The Plight of the Android App Wallflowers

With just a handful of popular Android apps dominating users' attention, what's a developer to do? It's all about discovery, says Nielsen's Don Kellogg. "How can you make it easy for people to find your app? How can you ignite positive word of mouth? How can app stores and other aggregators improve the consumer experience to make it easier for consumers to discover a broader range of quality apps?"

By Richard Adhikari LinuxInsider ECT News Network
08/19/11 5:00 AM PT

Android device users spend more time on their apps than on the mobile Web, and the top 10 apps account for 43 percent of that time, according to Nielsen.

When the top 50 Android apps are considered, they account for 61 percent of the time Android device users spend on apps.

That means the rest of the nearly 250,000 Android apps available have to compete for the remaining 39 percent of users' time spent on apps.

Does this mean creators of the less popular apps aren't making any money at all? Is there no long tail in the Android ecosystem? And how does this compare to Apple's iOS app ecosystem?

Earnings on the Android Market

"The top 50 apps on Android are making enormous amounts of money, but even the smallest apps at the end of the long tail can make about US$1 every 7 to 10 days with banner advertising," Estuardo Robles, vice president at Appsgeyser, told LinuxInsider.

However, apps don't depend strictly on ads for revenue -- they also offer in-app sales.

"Time spent in an app usually equates to more ad dollars, and maybe the top 10 properties are generating more ad dollars than the long tail -- but the long tail generates a significant amount of money from in-app purchases," Simon Khalaf, CEO of Flurry Analytics, pointed out.

Mobile gaming revenues will exceed $16 billion in 2016 as in-app payments grow, ABI Research found.

Despite this, Android app devs will make less money on the whole from in-app purchases than devs creating apps for Apple's iOS mobile operating system.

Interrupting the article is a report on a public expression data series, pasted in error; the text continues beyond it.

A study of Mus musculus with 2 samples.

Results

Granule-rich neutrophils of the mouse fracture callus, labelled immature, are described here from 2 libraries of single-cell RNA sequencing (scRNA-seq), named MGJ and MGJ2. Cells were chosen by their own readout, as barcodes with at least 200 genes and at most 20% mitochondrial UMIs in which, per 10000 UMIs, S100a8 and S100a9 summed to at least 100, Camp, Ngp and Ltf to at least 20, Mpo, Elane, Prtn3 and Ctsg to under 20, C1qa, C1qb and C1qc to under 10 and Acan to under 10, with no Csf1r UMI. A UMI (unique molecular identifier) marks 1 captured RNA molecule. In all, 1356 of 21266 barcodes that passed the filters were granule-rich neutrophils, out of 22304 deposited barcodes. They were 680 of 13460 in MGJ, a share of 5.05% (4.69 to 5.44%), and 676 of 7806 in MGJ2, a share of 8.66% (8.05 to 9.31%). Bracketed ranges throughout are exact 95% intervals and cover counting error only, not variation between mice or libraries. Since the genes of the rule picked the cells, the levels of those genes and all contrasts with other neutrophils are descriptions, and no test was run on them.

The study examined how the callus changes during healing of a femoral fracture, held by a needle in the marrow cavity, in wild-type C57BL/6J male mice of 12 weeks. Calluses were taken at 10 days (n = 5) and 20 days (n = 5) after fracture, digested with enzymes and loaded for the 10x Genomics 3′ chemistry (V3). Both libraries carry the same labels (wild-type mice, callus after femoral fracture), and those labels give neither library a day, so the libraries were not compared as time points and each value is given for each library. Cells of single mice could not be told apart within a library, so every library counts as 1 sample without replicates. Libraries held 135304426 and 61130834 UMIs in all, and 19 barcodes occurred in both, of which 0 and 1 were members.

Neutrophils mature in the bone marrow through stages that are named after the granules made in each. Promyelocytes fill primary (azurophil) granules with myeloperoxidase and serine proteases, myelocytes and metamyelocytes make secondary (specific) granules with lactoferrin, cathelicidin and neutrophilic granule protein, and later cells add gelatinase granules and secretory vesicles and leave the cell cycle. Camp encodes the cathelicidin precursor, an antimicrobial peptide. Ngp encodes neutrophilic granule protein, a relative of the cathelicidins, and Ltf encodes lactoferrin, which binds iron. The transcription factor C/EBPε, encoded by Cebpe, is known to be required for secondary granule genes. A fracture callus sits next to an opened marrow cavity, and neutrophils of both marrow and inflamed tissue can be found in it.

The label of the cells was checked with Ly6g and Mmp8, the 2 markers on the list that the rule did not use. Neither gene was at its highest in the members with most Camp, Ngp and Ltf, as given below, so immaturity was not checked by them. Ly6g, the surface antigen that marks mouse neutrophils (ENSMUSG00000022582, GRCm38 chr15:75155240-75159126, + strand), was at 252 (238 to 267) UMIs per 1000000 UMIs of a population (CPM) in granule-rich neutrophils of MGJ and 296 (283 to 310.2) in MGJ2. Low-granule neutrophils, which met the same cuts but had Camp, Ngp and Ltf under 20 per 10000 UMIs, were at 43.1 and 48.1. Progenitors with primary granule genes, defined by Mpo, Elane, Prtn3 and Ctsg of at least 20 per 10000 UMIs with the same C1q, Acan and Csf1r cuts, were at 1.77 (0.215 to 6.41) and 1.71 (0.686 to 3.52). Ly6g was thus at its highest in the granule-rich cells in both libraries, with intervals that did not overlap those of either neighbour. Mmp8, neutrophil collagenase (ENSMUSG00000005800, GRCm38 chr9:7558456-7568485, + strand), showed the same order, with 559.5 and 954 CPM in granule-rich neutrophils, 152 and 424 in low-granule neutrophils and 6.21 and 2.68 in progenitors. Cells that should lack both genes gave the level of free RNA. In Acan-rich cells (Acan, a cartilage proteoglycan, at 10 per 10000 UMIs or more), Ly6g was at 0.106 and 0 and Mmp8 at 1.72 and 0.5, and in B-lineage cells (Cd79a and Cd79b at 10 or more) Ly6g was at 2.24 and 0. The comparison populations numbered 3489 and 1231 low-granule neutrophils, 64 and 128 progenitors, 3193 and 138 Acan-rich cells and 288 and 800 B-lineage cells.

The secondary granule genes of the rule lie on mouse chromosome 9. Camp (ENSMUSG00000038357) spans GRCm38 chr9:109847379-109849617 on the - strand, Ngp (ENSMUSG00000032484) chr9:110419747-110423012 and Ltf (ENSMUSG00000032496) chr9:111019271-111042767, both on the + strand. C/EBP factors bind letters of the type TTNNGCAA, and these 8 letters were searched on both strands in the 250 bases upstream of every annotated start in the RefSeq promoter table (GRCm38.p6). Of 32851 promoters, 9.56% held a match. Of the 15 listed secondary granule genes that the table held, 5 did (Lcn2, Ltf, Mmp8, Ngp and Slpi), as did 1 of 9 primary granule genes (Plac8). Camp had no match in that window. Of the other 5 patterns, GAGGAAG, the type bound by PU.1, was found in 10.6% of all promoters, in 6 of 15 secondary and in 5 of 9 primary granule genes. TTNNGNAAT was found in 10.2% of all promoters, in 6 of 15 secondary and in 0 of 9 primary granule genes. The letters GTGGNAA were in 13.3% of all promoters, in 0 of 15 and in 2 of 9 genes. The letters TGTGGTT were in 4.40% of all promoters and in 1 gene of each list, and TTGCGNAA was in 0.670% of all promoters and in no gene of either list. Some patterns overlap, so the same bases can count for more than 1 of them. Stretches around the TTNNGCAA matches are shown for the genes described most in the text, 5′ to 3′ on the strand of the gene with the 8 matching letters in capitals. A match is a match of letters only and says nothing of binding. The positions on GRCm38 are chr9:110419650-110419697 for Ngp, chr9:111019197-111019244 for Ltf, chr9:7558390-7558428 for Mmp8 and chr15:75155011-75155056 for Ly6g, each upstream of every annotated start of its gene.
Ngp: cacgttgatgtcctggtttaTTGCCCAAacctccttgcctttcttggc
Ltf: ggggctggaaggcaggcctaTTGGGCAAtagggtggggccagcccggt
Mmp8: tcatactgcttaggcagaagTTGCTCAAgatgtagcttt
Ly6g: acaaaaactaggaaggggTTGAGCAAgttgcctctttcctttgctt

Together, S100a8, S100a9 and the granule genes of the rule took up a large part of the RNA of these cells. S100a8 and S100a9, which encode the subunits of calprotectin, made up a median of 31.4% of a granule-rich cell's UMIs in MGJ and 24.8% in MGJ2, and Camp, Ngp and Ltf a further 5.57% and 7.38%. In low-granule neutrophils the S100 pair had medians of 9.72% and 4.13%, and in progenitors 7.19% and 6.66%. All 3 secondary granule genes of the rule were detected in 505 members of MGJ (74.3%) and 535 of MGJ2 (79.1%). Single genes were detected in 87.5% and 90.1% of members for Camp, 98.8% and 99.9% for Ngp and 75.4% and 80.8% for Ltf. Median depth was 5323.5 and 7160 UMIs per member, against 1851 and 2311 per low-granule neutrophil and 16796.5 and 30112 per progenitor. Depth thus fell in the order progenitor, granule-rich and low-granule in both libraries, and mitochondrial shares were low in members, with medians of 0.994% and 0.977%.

That's because it was only this March that Google launched in-app purchase functionality, Joshua Greenman, president of Mercury Development, told LinuxInsider.

Android's billing system is clunky, and Android apps generate one-fifth to one-sixth of the revenue an iOS app does, Flurry Analytics found.

Making Money With Android

Instead of trying to get banner ads, Android devs should employ the freemium model, Flurry's Khalaf told LinuxInsider.

"If a developer makes a free version of his Android app with limited features, and offers a paid premium or pro version with more features and options for in-app purchases and so on, we find that he'll make as much money as he'll make with an iOS app," Appgeyser's Robles said.

However, dollar for dollar, iOS apps make more money for devs than Android apps do.

That's partly because Google's in-app billing system is clunky compared to that of Apple's iTunes App Store.

Further, developers' customers often prefer iOS apps, and that takes away developer time from working on Android apps.

"Every customer that approaches me asks for an iOS app first and an Android version later," Mercury Development's Greenman said.

Getting Consumers to Pick Your App

Developers have to focus on quality, design and marketing.

"You need to ensure quality," Appsgeyser's Robles said. "Otherwise, you will get negative ratings, which will really affect your app."

Design is equally important.

"Put good graphics work into your app icon and description," advised Robles. "The principal way people discover your app is through their eyes."

"The research findings make it clear that it's all about discovery, Don Kellogg, director of telecom research and insights at Nielsen, told LinuxInsider. "How can you make it easy for people to find your app? How can you ignite positive word of mouth? How can app stores and other aggregators improve the consumer experience to make it easier for consumers to discover a broader range of quality apps?"

Then, devs have to promote the app and boost its initial downloads.

"We've discovered that promoting your app within other apps is the most effective way to convert downloads," Robles said.

"It's very difficult to get noticed in this market," Melanie Moffett, marketing manager at Amadeus Consulting, told LinuxInsider.

"You need to have a cohesive marketing plan along with your app, or you probably won't see a return on your investment."